Reformed Mexico Energy Sector Could Be in Place by Early 2014
The proposed reform for Mexico’s energy constitution could be approved late this year or early 2014, with secondary legislation that will shape Mexico’s energy sector to be finalized in the second half of next year, according to a panel of industry experts at a recent Mayer Brown presentation in Houston on the proposed reform of Mexico’s energy sector.
Should the legislative process move forward as planned, the first profit sharing contracts under the new regime would be issued for the bidding process in the second half of 2014, said Duncan Wood, director of the Mexico Institute at the Woodrow Wilson International Center for Scholars. New oil production is expected to begin flowing between three to five years from that date, Wood said.
Mexican President Enrique Pena Nieto’s proposed constitutional reform of Mexico’s energy framework – one of the most significant economic changes in Mexico in the past century, Wood noted – will clean the slate and take Mexico’s energy sector back to 1938, the year then-President Lazaro Cardenas nationalized Mexico’s energy industry.
Introduced on Aug. 12, Pena Nieto’s proposal would grant Mexican Congress broad authority in allowing for and defining the terms of exploration and production activity in Mexico. It would end state energy company Petroleos Mexicanos’ (PEMEX) monopoly on exploration and production (E&P) activities and allow private companies E&P rights either directly from the state or through an association with PEMEX. The proposal would permit private companies to own oil and gas production and fully share in economic risks and benefits.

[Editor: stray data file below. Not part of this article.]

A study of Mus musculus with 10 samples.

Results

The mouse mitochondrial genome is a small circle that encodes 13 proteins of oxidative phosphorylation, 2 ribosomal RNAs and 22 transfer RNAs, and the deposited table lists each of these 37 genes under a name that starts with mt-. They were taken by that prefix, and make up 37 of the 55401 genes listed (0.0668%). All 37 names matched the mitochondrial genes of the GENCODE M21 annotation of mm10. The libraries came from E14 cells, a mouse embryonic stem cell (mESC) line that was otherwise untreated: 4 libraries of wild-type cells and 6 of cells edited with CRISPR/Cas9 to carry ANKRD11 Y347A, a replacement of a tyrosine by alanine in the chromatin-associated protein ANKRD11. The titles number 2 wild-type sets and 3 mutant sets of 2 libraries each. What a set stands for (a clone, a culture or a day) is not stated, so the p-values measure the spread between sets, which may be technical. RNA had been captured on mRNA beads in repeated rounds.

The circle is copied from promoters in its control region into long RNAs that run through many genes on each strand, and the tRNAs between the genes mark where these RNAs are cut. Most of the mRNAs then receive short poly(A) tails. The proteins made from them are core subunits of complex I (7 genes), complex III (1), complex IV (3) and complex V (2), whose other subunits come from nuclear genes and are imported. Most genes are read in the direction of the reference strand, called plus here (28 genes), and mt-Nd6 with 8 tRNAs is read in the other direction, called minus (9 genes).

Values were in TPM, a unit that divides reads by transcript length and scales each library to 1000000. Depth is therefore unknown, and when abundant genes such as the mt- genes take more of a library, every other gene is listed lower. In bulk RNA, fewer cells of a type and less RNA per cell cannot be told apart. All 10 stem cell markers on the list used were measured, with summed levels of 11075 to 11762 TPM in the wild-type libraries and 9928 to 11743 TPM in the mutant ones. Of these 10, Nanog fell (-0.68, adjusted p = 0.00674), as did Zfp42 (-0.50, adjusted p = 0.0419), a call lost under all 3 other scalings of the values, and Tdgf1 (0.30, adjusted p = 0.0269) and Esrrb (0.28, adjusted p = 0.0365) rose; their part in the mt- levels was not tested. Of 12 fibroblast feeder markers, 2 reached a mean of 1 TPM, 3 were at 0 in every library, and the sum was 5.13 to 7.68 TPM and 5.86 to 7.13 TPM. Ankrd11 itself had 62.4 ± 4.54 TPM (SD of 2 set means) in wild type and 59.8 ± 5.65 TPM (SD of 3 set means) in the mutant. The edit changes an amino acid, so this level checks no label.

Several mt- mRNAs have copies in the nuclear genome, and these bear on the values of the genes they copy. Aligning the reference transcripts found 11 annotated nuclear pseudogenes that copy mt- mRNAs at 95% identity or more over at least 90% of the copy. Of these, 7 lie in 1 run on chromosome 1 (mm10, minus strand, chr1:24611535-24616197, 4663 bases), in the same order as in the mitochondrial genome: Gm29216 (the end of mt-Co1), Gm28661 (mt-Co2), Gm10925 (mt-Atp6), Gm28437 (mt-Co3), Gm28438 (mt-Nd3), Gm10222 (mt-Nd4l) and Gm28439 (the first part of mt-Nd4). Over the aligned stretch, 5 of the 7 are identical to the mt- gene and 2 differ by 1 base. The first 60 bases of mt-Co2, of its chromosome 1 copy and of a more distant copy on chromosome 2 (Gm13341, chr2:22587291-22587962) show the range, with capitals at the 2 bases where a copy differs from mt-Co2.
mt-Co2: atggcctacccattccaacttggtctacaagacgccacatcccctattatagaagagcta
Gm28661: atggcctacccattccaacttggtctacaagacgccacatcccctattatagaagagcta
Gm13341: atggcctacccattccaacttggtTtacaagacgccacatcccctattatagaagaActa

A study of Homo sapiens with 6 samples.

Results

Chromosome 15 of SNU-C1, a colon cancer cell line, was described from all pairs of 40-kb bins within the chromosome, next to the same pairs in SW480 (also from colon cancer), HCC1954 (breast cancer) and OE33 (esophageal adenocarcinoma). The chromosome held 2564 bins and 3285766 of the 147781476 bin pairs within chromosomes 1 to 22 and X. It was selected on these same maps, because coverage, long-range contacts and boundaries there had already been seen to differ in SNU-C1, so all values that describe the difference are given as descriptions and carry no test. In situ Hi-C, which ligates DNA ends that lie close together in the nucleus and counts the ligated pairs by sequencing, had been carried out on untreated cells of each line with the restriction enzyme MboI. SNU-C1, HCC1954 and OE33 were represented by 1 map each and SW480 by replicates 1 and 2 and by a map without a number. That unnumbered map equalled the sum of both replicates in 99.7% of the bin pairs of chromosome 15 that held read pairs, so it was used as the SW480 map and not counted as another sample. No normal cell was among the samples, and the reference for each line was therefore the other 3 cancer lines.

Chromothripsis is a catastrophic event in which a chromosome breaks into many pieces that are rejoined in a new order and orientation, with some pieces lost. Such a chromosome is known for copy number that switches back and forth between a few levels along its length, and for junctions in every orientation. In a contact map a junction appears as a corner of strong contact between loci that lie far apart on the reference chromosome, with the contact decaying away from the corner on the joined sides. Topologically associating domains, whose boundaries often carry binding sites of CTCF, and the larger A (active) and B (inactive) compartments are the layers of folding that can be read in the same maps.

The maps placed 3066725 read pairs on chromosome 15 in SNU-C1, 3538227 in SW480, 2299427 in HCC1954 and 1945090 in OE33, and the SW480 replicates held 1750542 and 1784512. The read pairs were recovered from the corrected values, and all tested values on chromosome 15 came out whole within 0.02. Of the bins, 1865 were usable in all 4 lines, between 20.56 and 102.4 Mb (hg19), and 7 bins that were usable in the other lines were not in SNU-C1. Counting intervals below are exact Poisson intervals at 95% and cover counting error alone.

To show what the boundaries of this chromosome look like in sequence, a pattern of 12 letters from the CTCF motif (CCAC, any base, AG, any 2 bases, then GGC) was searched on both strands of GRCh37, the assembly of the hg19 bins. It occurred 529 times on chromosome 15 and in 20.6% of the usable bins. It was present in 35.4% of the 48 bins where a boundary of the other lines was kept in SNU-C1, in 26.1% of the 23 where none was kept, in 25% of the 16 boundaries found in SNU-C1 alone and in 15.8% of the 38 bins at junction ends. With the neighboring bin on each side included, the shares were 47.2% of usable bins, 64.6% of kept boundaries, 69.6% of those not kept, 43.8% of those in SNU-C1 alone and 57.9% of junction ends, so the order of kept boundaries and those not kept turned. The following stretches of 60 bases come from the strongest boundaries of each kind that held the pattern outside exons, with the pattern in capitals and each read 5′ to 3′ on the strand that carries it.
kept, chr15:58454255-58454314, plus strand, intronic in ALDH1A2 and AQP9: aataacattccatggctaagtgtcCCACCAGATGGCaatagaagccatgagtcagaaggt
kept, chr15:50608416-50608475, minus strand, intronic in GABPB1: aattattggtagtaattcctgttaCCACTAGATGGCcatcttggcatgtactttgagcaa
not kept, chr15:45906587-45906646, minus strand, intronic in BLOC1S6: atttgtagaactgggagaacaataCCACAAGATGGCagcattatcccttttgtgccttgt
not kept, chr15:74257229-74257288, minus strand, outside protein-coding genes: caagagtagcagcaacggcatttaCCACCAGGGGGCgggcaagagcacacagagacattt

Direct private investment would also be allowed in the midstream and downstream sectors under the proposal. Additionally, the proposal would also open the door for Mexico to become a competitive wholesale power market.
Nieto has proposed wording of Articles 27 and 28 of the Constitution that is the same as the language implemented in 1940, when Cardenas nationalized Mexico’s oil industry. By going “back to the future”, Nieto seeks to head off criticism from nationalists and traditionalists who say reform would betray the national sovereignty and Mexico’s citizens. Nieto’s appeal to history has also helped smooth things over with the Partido de la Revolucion Democratica (PRD), who are opposed to constitutional change and to private sector investment.
Nieto’s proposed change to Article 27 of Mexico’s Constitution prohibits concessions, but would allow for production and profit-sharing deals, a right that had existed from 1940 to 1960 before a constitutional amendment barred the practice. Future production sharing contracts would be enabled with a 50 percent plus one vote in both houses of Congress, Wood noted.